What’s it all about?
The family reunion from hell. Set years after an unspecified, but evidently still festering, event tears apart a family whose lives are intricately connected, the youngest sibling, Angel, calls her extended relatives into a threadbare hall, seats them in a circle of chairs, locks the door – and demands that the truth will out, right there and then.
Setting into motion a rapid-fire showcase of scenes from their collective memory, with events touching on themes of race, loyalty, privilege, maternity and fortune, the explosive effects of denied heritage, traded-away children and a marriage with dark connotations are revealed. Acclaimed Royal Court favourite Nathaniel Martello-White’s second script is certainly not laugh-a-minute, but proves a visceral, absorbing and crushing tale of a family torn between its best interests and its desires.
Who’s in it?
While the collective 9-strong ensemble is superb at seamlessly reanimating the ghosts of their pasts, a standout performance is delivered by Adelle Leonce as the wounded Angel, a powerless subject to the horrifying ramifications of her family’s failure to communicate.
Visiting the character at several junctures in her life, Adelle’s fearful portrayal binds the group together in gripping and evocative fashion, while special mention should also be made of the performances of Osy Ikhile as Angel’s conflicted ‘Couzin’, Jamael Westman as her confused ‘Brotha’, and James Hillier’s terrifyingly measured step-dad Steve.
What should I look out for?
The claustrophobic and cleverly tension-building simplicity of a locked, barren room, save for some chairs, a hot drinks dispenser and the characters themselves. The Jerwood Theatre Upstairs is completely stripped back, engulfing you in the finality of this family showdown – nobody, not even you, will leave until the truth is revealed.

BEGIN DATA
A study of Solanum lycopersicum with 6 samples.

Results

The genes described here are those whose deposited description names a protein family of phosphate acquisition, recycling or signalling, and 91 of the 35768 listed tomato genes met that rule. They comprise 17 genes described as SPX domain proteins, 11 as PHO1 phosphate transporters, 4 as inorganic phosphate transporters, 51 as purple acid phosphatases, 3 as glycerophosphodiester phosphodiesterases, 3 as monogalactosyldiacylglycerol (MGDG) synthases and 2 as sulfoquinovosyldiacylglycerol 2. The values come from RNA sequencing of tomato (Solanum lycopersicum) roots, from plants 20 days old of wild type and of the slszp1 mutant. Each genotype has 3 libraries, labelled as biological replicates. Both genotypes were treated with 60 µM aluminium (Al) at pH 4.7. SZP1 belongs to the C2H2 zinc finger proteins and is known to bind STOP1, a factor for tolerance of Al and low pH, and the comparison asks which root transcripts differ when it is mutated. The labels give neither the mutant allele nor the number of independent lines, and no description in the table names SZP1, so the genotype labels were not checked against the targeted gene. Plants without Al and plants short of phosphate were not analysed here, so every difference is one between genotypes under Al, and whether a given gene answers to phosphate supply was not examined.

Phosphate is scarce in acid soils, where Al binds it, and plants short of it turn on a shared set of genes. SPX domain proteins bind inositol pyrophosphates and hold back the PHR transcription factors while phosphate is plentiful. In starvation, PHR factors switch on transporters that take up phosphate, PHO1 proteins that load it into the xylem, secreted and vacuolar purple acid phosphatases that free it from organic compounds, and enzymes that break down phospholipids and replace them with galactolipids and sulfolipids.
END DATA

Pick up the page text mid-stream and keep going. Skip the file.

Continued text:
Rare moments of silence which interrupt the tirade of accusation, with their relative brevity utterly chilling. One horrifyingly monologue on the history of slavery, in particular, when placed in context, might just have your flesh crawling – to another hemisphere.
A party game you’ll certainly want to play this Christmas… just maybe not with this particular family.
In a nutshell?
Nathaniel Martello-White’s rapid-fire memory drama swings and stings in a visceral, harrowing portrayal of a family torn apart.
What’s being said on Twitter?
— Lee Hunter (@leehunt3r) September 13, 2016
Will I like it?
Only 90 minutes long, the anger and confusion of repressed memories bubble under the surface throughout Torn, and while there’s little consolation to be taken from the searing script, its sheer intensity will suck you in.
We all know that conflict can naturally stem from familial love, and placed under the dramatic microscope, this is harsher and more apparent than ever before. If you’re seeking a production with a poignant, pertinent punch, then Torn is certainly for you.